Building a Better Pine Cone

When I mentioned in my last post about “off-block construction” a few of you asked if I would do a tutorial on that subject.  So…here it is!!

I would normally use my Applique Pressing sheet for this tutorial, but, sadly I cannot find it.  A few  weeks ago, I spent a couple of hours organizing my quilting stuff.  I guess I have put my pressing sheet away in a really secure spot.  I am sure I will some across it one day!  But that’s ok….because maybe you don’t own a pressing sheet.  So, let me show you what you can use instead of an Applique Pressing Sheet.

I used a piece of freezer paper (shiny side up).  First I traced the pine cone on the shiny side of the freezer paper with a Sharpie marker.  I have found that a Sharpie marker is about the only thing that leaves a permanent mark of the shiny surface.


Note:  If I was using my Applique Pressing Sheet, I would simply pin it to the pattern, and build the pine cone on it, like I did with these flowers.

First, I made my templates using 2 layers of freezer paper.  Yes, they are a little on the small side!


Then I chose my fabrics…light, medium and dark brown.


Whenever I have a unit that has a lot of pieces in it (and those pieces need to line up) I take the time and do this next step.  Once the piece is prepped, I take out the template and place it on top of the finished piece.  The template has to have the shiny side up.  Next, I take a very sharp marking pen (I like to use a Clover water soluble fine marker for light fabrics and a white chalk marker for dark fabrics) and mark the remaining seam allowance.  You will be very happy you did this!!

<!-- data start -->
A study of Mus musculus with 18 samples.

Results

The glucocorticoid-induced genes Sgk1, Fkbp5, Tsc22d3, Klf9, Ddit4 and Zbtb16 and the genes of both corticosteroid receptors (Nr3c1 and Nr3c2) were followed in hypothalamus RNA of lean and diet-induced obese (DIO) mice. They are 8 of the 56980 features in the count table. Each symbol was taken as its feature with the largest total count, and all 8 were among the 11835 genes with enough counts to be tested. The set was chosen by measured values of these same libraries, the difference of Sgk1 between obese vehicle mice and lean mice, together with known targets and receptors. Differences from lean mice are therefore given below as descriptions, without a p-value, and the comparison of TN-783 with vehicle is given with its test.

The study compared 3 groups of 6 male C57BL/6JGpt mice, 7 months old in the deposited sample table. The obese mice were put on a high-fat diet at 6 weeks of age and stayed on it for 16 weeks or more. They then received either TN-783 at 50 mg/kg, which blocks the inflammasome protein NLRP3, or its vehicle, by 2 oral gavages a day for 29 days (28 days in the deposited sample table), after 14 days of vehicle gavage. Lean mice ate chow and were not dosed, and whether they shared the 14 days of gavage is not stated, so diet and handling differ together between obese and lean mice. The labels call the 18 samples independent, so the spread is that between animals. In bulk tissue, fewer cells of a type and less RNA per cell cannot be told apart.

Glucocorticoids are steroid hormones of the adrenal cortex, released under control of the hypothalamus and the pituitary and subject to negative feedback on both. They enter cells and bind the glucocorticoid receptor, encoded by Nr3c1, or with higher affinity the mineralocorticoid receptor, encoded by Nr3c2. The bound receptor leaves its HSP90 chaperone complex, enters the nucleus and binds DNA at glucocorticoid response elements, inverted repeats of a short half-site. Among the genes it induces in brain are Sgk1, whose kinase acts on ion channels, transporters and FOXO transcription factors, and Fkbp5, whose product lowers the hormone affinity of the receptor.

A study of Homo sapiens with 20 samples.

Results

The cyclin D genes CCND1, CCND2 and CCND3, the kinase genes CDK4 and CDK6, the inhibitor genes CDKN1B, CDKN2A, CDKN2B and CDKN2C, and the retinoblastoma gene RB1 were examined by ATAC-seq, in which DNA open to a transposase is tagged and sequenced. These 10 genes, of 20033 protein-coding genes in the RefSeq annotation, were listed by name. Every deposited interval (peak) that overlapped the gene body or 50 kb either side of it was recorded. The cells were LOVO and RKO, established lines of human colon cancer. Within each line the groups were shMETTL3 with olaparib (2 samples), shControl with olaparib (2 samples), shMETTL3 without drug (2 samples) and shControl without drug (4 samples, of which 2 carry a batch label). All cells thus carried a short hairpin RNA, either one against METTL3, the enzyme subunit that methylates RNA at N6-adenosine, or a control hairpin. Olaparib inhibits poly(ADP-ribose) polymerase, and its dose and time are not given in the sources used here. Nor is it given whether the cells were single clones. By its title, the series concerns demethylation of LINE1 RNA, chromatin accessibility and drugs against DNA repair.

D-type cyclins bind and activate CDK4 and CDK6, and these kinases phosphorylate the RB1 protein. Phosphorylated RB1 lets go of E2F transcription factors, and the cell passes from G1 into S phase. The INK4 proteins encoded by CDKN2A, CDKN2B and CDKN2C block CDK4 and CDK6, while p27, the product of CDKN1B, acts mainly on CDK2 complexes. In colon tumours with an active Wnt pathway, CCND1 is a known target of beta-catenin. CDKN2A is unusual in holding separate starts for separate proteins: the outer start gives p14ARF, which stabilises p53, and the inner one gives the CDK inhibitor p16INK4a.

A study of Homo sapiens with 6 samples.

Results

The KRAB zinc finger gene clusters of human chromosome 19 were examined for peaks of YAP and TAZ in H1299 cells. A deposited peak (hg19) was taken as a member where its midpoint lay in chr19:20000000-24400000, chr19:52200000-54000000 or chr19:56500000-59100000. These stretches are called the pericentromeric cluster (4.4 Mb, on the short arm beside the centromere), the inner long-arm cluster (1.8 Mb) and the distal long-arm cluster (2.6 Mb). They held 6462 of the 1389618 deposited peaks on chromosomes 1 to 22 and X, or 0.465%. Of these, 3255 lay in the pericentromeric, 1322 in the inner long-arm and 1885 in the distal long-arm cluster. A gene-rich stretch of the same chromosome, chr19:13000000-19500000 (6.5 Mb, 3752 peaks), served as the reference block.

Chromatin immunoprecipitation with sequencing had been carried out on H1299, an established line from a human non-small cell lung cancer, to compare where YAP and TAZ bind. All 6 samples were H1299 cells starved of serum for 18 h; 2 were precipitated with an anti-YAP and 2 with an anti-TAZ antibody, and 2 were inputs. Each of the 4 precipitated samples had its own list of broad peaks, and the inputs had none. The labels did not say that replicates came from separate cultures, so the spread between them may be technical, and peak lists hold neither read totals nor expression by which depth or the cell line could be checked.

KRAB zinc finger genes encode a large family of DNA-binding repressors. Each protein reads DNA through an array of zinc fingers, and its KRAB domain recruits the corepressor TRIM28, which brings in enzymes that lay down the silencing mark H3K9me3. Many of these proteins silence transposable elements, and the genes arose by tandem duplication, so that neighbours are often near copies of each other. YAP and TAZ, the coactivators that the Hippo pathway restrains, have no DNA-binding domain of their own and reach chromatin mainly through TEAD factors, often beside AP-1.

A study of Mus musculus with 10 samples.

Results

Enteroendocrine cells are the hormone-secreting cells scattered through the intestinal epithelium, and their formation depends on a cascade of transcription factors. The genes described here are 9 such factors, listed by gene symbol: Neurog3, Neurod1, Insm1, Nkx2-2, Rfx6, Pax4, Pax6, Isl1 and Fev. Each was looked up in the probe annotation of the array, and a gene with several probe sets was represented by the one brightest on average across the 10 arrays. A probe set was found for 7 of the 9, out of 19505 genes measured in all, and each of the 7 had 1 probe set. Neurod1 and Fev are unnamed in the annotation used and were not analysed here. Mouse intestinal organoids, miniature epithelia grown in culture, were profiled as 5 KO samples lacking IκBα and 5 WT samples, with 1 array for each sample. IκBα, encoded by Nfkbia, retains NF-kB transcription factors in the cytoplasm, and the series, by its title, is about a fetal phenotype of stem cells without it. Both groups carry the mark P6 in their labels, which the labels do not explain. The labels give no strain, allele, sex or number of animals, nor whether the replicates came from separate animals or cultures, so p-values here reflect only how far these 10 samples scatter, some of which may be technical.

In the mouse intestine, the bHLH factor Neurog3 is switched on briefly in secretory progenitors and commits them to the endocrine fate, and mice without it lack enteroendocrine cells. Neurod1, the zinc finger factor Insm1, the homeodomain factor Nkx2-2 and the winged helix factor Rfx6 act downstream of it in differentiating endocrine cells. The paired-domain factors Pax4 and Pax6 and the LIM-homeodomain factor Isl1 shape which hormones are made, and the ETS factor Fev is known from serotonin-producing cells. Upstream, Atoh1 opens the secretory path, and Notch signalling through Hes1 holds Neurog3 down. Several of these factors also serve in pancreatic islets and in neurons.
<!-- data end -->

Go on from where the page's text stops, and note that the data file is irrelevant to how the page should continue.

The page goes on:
So….next, I start to glue the pieces in place.  The glue will not stick permanently to the shiny surface of the freezer paper (or the pressing sheet), but it will hold temporarily.







Once all of the pieces are glued in place (and you have made peace with the fact you will have to make 7 more pine cones) you can lift the entire piece off the the freezer paper (or applique pressing sheet) and simply put it in place on the background.  If you are working on a unit that has fewer pieces (or larger pieces) you can actually stitch it before you place it on the background.  I thought this piece would be easier to stitch while it is on the background.  Lots of options!

Til next time….




13 thoughts on “Building a Better Pine Cone

  1. I learn so much from your posts and this was no exception. Thank you ever so much for sharing your gifts. And if I don’t reply again soon, Happy Holidays. may there be room for needles and thread. Gratefully, Toni

    • I know that there are some concerns regarding marking pens. As a rule, I don’t press over the marker. I always wash my block once I am finished stitching it so the blue marker rinses away. I do press the block once it is dry.

  2. This is so very helpful, thanks so much! One more question, once you’ve built the pinecone, and placed it on your background, what order do you applique? From the top down, or bottom up? All around the edge and then the interior ones? Or does it matter? Thanks again for so generously sharing your expertise!

    • This is such a good question! It really doesn’t matter which order you stitch in but I will tell you what I did. Because I was using 3 different shades of thread (light beige, medium brown and dark brown) I threaded my needle with light beige thread and stitched all of the light beige pieces. Then I threaded up the medium brown thread and stitched all of those pieces. And then I used the dark brown thread and stitched the dark brown pieces. I didn’t cut my threads between each same-coloured section, I just moved from piece to piece making sure my thread wasn’t pulled too tight or too loose. Pretty simple!

  3. Fantastic tutorial, both in technique, and seeing the use of colour and fabric pattern! Thank you so much Kerry. I also very much enjoyed reading the comments and replies. Seeing this tutorial gives me so much encouragement that amazing appliques like this are doable. It expands the possibilities of taking a pattern and making it my own by designing something more intricate, or maybe even someday designing a pattern myself. Once again, Thank You!